ChemSW's Safety Inspection Live Wins OHS 2012 New Product of the Year Award
News Dec 28, 2012
ChemSW's new Safety Inspection Live;® solution has been awarded the best new EHS Software product of the year by Occupational Health & Safety magazine. The annual award program recognizes outstanding new products in the industrial hygiene marketplace. Safety Inspection Live is ChemSW's latest solution for Environmental Health & Safety professionals and enables users to record safety inspections using their smartphone, tablet, or laptop to manage safety data in real-time.
With Safety Inspection Live, Facility and Safety Managers can efficiently track and manage inspection observations, deficiencies, and corrective actions, assigning ownership and confirming resolution and closure all from the convenience of a mobile device. By eliminating duplicate transcription processes and enabling users to enter inspection data at the time of inspection, Safety Inspection Live assures greater data accuracy and inspection efficiency. Further, users can easily track deficiencies from discovery to closure, prompting users with automated email alerts to ensure that corrective actions are addressed and resolved.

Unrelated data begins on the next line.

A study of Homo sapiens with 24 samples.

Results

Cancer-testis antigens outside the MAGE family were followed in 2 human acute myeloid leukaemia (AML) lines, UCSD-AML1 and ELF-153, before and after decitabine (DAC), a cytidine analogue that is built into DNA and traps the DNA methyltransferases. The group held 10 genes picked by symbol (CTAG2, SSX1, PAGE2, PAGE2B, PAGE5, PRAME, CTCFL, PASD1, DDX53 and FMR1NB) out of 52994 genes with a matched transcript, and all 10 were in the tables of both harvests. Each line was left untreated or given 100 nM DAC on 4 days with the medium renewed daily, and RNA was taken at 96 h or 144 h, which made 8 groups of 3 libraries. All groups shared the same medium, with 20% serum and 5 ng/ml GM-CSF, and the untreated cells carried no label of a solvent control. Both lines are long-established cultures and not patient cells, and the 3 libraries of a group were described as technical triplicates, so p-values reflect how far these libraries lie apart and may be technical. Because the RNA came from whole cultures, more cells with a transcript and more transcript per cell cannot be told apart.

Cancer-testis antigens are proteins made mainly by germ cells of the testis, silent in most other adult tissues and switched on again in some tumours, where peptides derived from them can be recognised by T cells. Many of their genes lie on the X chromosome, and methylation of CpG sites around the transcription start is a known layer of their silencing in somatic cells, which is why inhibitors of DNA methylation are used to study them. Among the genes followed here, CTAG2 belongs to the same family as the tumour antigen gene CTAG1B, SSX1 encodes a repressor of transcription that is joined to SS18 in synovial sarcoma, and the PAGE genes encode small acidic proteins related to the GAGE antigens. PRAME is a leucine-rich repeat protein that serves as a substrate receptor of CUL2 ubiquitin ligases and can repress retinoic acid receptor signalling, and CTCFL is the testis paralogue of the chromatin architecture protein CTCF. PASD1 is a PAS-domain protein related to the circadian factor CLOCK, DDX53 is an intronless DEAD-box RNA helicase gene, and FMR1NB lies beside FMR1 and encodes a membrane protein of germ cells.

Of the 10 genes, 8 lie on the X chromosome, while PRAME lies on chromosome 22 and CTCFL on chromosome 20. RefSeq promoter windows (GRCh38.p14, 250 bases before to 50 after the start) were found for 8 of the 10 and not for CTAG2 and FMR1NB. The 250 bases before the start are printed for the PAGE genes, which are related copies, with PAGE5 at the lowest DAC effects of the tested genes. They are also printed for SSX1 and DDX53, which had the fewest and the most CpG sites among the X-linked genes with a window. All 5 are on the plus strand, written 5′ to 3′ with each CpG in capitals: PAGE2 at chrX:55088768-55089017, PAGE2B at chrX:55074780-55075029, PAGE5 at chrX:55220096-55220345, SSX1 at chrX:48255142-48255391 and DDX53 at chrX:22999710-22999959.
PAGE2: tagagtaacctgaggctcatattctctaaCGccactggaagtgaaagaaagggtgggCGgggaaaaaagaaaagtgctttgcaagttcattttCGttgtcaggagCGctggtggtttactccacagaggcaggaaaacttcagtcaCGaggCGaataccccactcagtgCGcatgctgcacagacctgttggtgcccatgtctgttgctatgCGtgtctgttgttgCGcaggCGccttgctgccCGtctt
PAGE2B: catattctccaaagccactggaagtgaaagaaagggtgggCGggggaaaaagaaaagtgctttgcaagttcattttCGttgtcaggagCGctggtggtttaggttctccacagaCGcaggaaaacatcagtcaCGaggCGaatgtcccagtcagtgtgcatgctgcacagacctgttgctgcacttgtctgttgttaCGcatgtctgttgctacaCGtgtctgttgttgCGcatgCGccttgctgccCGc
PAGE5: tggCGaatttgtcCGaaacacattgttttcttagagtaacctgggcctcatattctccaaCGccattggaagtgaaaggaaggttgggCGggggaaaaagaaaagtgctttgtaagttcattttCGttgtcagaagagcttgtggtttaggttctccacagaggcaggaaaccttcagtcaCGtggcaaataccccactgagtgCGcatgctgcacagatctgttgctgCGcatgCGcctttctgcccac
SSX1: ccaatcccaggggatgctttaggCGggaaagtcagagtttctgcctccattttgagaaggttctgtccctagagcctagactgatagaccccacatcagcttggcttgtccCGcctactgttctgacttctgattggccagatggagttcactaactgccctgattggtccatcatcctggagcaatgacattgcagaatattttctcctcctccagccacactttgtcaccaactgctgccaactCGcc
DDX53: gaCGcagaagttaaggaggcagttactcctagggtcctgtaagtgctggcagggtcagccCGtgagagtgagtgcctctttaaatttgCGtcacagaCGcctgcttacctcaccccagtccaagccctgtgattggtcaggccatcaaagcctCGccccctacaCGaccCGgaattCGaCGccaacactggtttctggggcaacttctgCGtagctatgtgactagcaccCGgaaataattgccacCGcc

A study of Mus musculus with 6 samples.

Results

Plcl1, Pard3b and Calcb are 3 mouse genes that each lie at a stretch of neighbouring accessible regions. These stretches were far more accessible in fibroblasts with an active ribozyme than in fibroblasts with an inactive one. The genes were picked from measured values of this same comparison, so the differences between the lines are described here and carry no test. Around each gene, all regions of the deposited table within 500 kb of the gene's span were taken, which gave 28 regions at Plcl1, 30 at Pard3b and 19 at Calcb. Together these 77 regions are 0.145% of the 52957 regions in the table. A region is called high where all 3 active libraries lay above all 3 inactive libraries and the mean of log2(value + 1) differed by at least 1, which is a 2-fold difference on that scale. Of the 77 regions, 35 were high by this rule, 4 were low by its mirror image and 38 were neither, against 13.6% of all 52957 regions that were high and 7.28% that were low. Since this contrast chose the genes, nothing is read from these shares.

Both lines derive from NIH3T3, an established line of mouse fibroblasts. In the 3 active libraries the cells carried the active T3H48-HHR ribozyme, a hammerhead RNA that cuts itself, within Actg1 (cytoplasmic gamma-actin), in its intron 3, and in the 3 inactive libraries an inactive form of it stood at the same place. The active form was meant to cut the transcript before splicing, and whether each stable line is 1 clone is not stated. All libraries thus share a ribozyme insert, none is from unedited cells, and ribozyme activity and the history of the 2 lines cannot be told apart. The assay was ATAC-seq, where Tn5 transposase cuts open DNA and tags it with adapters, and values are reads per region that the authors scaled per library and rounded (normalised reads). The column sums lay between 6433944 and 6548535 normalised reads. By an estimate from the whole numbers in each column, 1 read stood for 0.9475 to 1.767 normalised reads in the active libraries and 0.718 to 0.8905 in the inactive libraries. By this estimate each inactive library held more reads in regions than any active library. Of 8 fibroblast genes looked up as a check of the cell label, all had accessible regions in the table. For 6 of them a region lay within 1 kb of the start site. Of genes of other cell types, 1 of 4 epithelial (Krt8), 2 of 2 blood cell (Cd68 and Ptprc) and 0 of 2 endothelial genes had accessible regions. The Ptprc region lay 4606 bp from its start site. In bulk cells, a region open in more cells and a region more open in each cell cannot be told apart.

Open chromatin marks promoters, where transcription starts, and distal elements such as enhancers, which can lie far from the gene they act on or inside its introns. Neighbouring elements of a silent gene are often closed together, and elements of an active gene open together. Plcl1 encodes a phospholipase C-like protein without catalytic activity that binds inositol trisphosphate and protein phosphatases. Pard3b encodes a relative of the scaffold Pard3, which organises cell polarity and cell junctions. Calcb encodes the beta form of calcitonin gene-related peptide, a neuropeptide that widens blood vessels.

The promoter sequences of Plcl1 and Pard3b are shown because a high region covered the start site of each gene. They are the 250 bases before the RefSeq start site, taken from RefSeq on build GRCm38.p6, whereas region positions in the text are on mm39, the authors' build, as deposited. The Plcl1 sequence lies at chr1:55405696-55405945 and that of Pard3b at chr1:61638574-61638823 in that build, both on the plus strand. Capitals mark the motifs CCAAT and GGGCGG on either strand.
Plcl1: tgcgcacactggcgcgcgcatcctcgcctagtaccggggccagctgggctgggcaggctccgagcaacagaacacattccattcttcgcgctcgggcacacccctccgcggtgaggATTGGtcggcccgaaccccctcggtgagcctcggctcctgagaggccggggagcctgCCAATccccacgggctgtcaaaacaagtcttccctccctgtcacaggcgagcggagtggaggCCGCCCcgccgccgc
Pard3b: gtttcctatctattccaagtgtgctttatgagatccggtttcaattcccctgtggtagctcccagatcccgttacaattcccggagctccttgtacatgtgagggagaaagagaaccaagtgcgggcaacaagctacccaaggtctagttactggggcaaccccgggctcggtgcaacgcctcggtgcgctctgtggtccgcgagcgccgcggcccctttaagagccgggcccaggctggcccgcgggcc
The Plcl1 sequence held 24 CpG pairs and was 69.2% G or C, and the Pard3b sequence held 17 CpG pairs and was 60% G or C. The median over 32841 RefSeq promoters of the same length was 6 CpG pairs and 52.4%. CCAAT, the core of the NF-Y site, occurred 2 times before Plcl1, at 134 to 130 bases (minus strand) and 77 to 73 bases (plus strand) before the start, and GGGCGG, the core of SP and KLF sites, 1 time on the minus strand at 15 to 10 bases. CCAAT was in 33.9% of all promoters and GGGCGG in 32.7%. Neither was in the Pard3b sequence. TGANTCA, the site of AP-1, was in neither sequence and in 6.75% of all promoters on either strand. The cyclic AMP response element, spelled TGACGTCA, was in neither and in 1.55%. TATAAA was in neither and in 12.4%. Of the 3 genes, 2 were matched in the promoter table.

ChemSW received the award at the recent National Safety Council congress and exposition in Orlando, FL. The announcement was made during an Occupational Health & Safety Virtual Event. An independent panel of three highly qualified judges chose the winners. In addition to being honored, the winners are featured on Occupational Health & Safety's website.
"I'm delighted that our new Safety Inspection Live solution has been honored by Occupational Health & Safety magazine," states ChemSW's president Brian Stafford. "It confirms that our new system resolves one of the most important safety challenges: ensuring that safety inspection findings are addressed in a timely manner. And, it makes the inspection process much simpler to perform and more accurate."
Computers, like those that power self-driving cars, can be tricked into mistaking random scribbles for trains, fences and even school busses. People aren't supposed to be able to see how those images trip up computers but in a new study, Johns Hopkins University researchers show most people actually can.